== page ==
5 Stimulus Scams You Need to Watch Out For Right NowCOVID-19
Unfortunately in times like these, terrible people come out of the woodwork to prey on innocent people like you and me in a time of desperation and confusion.
And there is a lot of confusion right now. I’ve been studying this stimulus stuff, and there are still a lot of questions yet to be answered by Treasury and the IRS, such as, and this is just a sample:
- Is the IRS still going to send out paper checks or does everybody have to sign up for direct deposit if their direct deposit information wasn’t on their tax return?
- Or if I’m on Social Security or I’m disabled and don’t file a tax return because I don’t have to, what should I do? I’m getting mixed messages. The bill said they would use Social Security Administration information, but the IRS came out this week and said you’ll have to file a simple tax return, but they didn’t tell us how to do it.
- Or child support. We know that being past due on child support precludes you from receiving this stimulus payment. OK so if one spouse is behind on child support from a previous marriage, and the other isn’t, and they otherwise qualify for the full $2,400 stimulus, do they not get any of it, or do they get $1,200 of it? It appears based on some language in the bill that half of the stimulus payment for a joint return is attributed to Spouse A and the other to Spouse B, but what that means in this situation hasn’t been confirmed by the IRS
So many questions, so few answers, and I expect guidance to come out from the IRS in the near future on these issues.
But right now I want to talk about these terrible, terrible stimulus scams that have been going around so you won’t be caught off guard and those you love won’t be caught off guard.
1. The Costco Scam
Yesterday the FBI’s San Diego office tweeted that scammers are telling people, via text or otherwise, that they are getting a “$100 bounty from Costco” as part of the stimulus program and asking for more information.
And who among us would not want a $100 bounty from Costco?
Only problem of course is that this is a lie, a complete scam.
$100 Costco bounties were not written into the stimulus bill.
2. Fake Checks
Basically, if you receive a supposed stimulus check in the mail right now, it is fake.
At best, these stimulus payments aren’t going out for weeks, and it’s still not clear if the IRS will be sending out paper checks at all or if they’re going to make everybody submit their direct deposit information if it’s not already on file.
After all, the IRS said this week, “In the coming weeks, we plan to develop a web-based portal for individuals to provide their banking information to the IRS online, so that individuals can receive payments immediately as opposed to checks in the mail.”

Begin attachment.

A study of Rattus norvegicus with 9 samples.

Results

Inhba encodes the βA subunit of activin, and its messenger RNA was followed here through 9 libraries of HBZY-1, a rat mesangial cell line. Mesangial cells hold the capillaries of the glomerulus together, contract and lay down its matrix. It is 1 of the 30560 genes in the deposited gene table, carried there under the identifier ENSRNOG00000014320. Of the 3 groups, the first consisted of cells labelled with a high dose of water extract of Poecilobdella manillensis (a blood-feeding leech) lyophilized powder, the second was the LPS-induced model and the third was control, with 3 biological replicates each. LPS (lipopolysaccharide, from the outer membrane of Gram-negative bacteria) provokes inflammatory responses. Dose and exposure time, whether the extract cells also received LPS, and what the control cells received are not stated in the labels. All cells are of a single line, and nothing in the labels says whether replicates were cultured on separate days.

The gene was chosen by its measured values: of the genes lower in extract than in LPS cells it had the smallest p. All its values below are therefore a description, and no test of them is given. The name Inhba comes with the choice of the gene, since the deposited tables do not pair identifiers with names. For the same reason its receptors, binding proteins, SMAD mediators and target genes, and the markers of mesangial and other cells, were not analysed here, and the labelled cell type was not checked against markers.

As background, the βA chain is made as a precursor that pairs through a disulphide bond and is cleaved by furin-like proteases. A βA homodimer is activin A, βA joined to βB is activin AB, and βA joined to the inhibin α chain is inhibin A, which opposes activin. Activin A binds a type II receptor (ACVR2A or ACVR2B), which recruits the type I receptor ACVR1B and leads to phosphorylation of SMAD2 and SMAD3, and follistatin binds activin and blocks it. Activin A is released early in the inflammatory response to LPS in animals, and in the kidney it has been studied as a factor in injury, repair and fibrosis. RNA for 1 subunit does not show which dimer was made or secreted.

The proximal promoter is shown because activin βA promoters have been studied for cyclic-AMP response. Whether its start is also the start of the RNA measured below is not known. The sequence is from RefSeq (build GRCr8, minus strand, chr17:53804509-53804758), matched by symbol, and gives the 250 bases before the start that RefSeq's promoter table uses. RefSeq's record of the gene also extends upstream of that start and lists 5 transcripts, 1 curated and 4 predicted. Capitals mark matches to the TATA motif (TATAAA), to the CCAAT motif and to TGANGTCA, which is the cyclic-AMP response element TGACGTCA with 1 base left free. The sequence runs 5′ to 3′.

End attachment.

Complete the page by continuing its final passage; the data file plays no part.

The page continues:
So any check you receive now, in the first week of April, is guaranteed to be fake.
3. Fake Texts
Right now some scammers are sending out texts saying that if you send $50 or $100 or some other amount to the person or “agency” who sent the text, you can receive your stimulus checks within 24 hours.
This is another lie.
There are some other crazy texts floating around right now as well, including one announcing that Trump approved over 22,000 iPhone 11s in the stimulus package and urging you to go to some website to claim yours. I do not put the website here because I am sure that it is malicious.
4. Unscrupulous Accountants
So apparently some tax preparation services are contacting their clients telling them to pay them them, the tax preparer, money in order to have their stimulus check processed and printed.
This is horrible and gives upright wholesome accountants like me a bad name.
You don’t have to pay anyone to get your stimulus check, least of all some shady fly-by-night tax prep service.
5. Fake Social Media Messages
OK, so other scammers are sending messages or posting on social media with a link to an official-looking website asking you to enter your personal information or banking details to supposedly verify yourself and process your check, sometimes for a small “processing fee.”
This is bologna. It is very easy to make a website these days; just because a website looks official or says treasury department or IRS or stimulus in the URL doesn’t mean it’s legitimate, and frankly, it’s probably not.
Here’s the truth. As of today, the IRS has not yet released the web-based portal for individuals to provide their banking information to the IRS online, but the minute they do, I will be on here updating y’all and walking you through it, so be sure to subscribe.
Final Tips on Avoiding Stimulus Scams
So these are some of the most common stimulus scams, but as time goes by, I know that scammers will come up with others, so here are some tips for you to avoid stimulus scams:
- Remember that the IRS and other government agencies do not initiate communication directly with people directly through social media like Facebook.
- Remember that you don’t have to pay the IRS or any other government agency for this stimulus check, and there are no “processing fees.”
- Remember to always research the name of any organization or supposed agency that attempts to correspond with you regarding the stimulus check. Google is your friend. Google the return address on the envelope, Google the name of the party attempting to collect money from you, Google the phone number that called you, do your research, see what other people are saying about this, and you could save yourself from being scammed.
Logan is a practicing CPA, Certified Student Loan Professional, and founder of Money Done Right, which he launched in July 2017. After spending nearly a decade in the corporate world helping big businesses save money, he launched his blog with the goal of helping everyday Americans earn, save, and invest more money. Learn more about Logan.